Before he won the Academy Award for Documentary for Man on Wire, director James Marsh made this lighthearted film about the artery-clogging cravings of Elvis Presley. Marsh’s portrait of Elvis is constructed from the recollections of friends, relatives and Elvis’s favourite cook, Mary Jenkins, who, with help from Elvis’s father, perfected those infamous fried peanut-butter-and-banana sandwiches. The resulting film traces Elvis’s taste from his humble Mississippi start to his Vegas finale with stops along the way in the school cafeteria and army mess hall. Known for his gustatory excess, Elvis was a picky eater whose success manifested itself in quantity not quality. Marsh’s talent is in full effect in this stylish blend of form and content. Lit like an all-night diner, with a colour palette reminiscent of a sparkly Formica countertop, it’s a perfect backdrop for the King and his southern fried fare.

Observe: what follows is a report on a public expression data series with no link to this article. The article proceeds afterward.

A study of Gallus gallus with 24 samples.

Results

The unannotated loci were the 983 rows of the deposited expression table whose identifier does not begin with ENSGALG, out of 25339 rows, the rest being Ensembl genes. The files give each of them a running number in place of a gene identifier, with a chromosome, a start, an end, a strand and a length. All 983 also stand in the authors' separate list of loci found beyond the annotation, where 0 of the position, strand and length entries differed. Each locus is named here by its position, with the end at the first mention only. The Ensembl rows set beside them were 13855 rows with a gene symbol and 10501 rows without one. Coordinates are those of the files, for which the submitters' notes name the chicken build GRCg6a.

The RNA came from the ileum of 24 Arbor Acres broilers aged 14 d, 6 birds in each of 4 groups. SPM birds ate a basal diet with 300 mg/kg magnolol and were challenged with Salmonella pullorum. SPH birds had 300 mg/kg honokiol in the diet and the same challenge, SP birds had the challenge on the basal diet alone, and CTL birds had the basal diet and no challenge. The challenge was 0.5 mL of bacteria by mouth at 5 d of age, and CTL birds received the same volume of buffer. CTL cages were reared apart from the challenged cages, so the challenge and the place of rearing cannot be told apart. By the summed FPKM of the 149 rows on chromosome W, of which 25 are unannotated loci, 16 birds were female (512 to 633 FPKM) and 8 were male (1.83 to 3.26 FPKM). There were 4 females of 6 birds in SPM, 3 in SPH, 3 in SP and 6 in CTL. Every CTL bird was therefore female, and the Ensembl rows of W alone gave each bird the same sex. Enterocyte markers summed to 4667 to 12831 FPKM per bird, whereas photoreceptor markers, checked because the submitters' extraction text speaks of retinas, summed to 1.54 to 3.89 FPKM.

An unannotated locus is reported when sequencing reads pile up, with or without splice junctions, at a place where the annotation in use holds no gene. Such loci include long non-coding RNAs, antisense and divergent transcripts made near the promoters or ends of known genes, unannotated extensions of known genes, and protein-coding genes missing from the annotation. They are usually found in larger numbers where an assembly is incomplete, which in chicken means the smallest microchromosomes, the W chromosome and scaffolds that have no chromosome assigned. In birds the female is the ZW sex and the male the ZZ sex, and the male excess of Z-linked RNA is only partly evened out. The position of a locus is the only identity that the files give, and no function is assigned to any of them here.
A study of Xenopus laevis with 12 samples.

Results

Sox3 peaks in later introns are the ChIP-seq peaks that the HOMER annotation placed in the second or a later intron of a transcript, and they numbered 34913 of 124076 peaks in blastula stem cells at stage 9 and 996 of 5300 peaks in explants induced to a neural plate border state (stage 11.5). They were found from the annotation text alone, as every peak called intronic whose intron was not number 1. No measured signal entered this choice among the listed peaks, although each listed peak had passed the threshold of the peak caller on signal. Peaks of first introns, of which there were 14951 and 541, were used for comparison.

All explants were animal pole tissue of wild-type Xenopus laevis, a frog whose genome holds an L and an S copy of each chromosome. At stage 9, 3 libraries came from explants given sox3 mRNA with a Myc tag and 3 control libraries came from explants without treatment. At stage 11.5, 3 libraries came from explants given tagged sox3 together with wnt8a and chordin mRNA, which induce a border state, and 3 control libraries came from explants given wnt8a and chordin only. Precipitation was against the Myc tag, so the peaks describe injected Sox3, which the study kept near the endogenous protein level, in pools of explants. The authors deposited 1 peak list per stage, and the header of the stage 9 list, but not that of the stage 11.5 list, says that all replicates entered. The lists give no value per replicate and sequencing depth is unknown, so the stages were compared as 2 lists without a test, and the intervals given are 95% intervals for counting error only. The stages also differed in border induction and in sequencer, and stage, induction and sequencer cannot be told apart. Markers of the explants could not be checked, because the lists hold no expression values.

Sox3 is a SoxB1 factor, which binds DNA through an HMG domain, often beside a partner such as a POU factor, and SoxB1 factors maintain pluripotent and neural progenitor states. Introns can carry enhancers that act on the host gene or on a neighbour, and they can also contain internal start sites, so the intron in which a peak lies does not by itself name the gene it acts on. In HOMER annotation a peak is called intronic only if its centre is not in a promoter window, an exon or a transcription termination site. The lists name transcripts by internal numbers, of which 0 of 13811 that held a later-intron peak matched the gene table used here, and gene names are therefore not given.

When rogue stealth-fighter pilot Vic Deakins deliberately drops off the radar while on maneuvers, the Air Force ends up with two stolen nuclear warheads -- and Deakins's co-pilot, Riley Hale, is the military's only hope for getting them back.
Beginning in the 1930s, "The English Patient" tells the story of Count Almásy who is a Hungarian map maker employed by the Royal Geographical Society to chart the vast expanses of the Sahara Desert along with several other prominent explorers.
A killer known as Ghostface begins killing off teenagers, and as the body count begins rising, one girl and her friends find themselves contemplating the 'rules' of horror films as they find themselves living in a real-life one.